Date: April 17, 2007

Washington, DC - Northwest Airlines flight attendants, represented by the Association of Flight Attendants-CWA (AFA-CWA) yesterday once again asked the National Mediation Board (NMB) to release them from further mediation with the airlines' management and to start a 30-day cooling-off period.

"Having flaunted the status quo provisions of the Railway Labor Act, and trampled the right to strike, Northwest has pocketed the $200 million in concessions they claimed was needed from the flight attendants," stated Patricia Friend, AFA-CWA International President, in a letter to NMB members. "Now, as the company returns to profitability far ahead of plan, the initial justification for those concessions has been thrown into doubt, yet they cling to the same concessionary demands. Management has no motivation whatsoever to negotiate substantive changes with the flight attendants. Couple that harsh reality with the fact that the flight attendants have twice voted against ratification of previous tentative agreements, and we have a situation that could not more clearly define an impasse."

The NMB is a federal agency that enforces the Railway Labor Act (RLA), which protects workers' rights to organize unions and engage in free and fair collective bargaining in the US aviation and railroad industries. Under the RLA collective bargaining process, it is within the sole discretion of the NMB to determine when a company and a union reach an impasse in negotiations. If the NMB determines that further mediation will not help the parties reach a consensual agreement, the agency then offers to submit the dispute to arbitration. If either side rejects arbitration a 30-day cooling-off period commences. If no agreement is reached by the end of the cooling-off period, the workers may choose to exercise their right to strike.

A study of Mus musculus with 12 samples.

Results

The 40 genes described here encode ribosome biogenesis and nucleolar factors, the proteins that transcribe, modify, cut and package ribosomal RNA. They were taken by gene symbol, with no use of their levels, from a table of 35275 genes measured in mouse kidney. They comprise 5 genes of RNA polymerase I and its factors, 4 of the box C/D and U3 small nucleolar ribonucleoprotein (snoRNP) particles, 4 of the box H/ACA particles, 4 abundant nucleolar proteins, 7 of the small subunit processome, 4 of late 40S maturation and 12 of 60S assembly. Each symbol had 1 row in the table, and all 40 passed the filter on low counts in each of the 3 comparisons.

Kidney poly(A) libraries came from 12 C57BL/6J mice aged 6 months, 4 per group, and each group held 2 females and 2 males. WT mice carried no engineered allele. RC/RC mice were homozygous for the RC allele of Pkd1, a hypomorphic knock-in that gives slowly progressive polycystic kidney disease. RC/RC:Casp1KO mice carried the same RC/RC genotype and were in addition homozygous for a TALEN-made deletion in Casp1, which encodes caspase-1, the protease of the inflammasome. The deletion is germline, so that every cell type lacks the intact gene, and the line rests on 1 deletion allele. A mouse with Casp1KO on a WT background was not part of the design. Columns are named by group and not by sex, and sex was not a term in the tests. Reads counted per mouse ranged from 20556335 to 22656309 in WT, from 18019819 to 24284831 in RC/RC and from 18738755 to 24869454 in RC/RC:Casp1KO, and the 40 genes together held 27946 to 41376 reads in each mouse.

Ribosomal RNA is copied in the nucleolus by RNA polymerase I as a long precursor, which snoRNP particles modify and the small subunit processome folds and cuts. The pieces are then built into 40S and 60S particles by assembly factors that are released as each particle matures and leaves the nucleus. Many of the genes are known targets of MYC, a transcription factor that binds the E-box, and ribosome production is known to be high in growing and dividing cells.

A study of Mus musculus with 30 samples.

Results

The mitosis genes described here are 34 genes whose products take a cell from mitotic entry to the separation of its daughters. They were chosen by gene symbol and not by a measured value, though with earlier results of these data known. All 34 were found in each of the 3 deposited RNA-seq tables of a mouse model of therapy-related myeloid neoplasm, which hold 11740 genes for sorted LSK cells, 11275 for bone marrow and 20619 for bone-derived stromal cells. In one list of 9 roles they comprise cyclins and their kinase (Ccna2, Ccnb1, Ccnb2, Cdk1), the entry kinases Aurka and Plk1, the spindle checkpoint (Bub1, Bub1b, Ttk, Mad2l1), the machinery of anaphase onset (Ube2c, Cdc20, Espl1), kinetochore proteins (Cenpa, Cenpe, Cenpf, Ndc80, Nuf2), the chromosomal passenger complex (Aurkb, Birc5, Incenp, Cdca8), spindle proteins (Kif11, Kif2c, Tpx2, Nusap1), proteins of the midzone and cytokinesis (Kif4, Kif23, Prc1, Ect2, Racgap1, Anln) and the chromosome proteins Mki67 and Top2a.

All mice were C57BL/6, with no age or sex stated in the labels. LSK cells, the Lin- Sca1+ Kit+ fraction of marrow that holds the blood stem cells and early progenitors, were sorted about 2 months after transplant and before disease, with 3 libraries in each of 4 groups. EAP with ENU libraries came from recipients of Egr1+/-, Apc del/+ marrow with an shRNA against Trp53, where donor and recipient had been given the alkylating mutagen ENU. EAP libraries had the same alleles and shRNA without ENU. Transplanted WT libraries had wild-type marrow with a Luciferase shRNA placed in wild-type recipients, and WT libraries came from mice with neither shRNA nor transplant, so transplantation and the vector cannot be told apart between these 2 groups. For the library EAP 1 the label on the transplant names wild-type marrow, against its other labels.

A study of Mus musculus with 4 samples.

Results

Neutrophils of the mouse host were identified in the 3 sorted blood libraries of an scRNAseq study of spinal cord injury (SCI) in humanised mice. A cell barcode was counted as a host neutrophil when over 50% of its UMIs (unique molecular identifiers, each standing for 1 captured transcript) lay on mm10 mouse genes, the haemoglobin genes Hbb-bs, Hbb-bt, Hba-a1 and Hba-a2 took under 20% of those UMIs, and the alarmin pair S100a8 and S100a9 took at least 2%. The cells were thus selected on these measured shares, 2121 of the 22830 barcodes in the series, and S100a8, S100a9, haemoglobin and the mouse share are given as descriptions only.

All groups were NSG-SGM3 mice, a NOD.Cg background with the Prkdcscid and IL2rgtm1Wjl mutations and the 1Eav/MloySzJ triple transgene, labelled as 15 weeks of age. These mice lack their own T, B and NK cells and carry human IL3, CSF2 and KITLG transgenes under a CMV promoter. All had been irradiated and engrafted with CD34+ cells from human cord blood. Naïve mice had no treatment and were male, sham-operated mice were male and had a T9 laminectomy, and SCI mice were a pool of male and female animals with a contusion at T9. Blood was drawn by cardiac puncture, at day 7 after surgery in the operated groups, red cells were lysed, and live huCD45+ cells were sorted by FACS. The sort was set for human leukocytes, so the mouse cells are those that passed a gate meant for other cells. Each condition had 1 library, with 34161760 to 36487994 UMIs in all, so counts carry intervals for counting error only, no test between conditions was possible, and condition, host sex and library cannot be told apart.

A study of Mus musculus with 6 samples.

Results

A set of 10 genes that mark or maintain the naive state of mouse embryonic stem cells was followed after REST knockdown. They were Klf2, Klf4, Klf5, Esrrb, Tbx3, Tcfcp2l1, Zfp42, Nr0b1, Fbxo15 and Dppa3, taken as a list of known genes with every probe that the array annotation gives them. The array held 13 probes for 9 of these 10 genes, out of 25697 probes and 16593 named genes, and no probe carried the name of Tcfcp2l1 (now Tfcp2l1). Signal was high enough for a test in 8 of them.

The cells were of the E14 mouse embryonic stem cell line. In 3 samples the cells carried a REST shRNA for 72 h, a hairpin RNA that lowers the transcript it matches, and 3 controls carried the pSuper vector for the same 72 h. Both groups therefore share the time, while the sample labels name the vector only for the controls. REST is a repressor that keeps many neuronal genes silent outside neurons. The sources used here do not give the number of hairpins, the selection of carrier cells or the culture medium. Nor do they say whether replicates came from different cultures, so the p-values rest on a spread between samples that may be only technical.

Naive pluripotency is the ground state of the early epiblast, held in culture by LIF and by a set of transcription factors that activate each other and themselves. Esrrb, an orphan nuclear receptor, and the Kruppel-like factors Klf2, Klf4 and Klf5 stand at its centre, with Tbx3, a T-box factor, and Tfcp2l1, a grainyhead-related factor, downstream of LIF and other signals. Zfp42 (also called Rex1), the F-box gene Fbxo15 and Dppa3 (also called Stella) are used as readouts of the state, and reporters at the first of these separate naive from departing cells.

"It is unfortunate that courts continue to ignore the pleas from the thousands of Northwest flight attendants who are struggling to make ends meet under the overreaching concessions that have been  imposed by Northwest executives," said Jay Hong, AFA-CWA Northwest Master Executive Council President. "We will continue to fight until we have an agreement that is fair and equitable and recognizes the sacrifices that Northwest flight attendants have made to make our airline successful."

For over 60 years, the Association of Flight Attendants has been serving as the voice for flight attendants in the workplace, in the aviation industry, in the media and on Capitol Hill. More than 55,000 flight attendants at 20 airlines come together to form AFA-CWA, the world's largest flight attendant union. AFA is part of the 700,000-member strong Communications Workers of America (CWA), AFL-CIO. For more information, please visit us at www.nwaafa.org or www.afanet.org.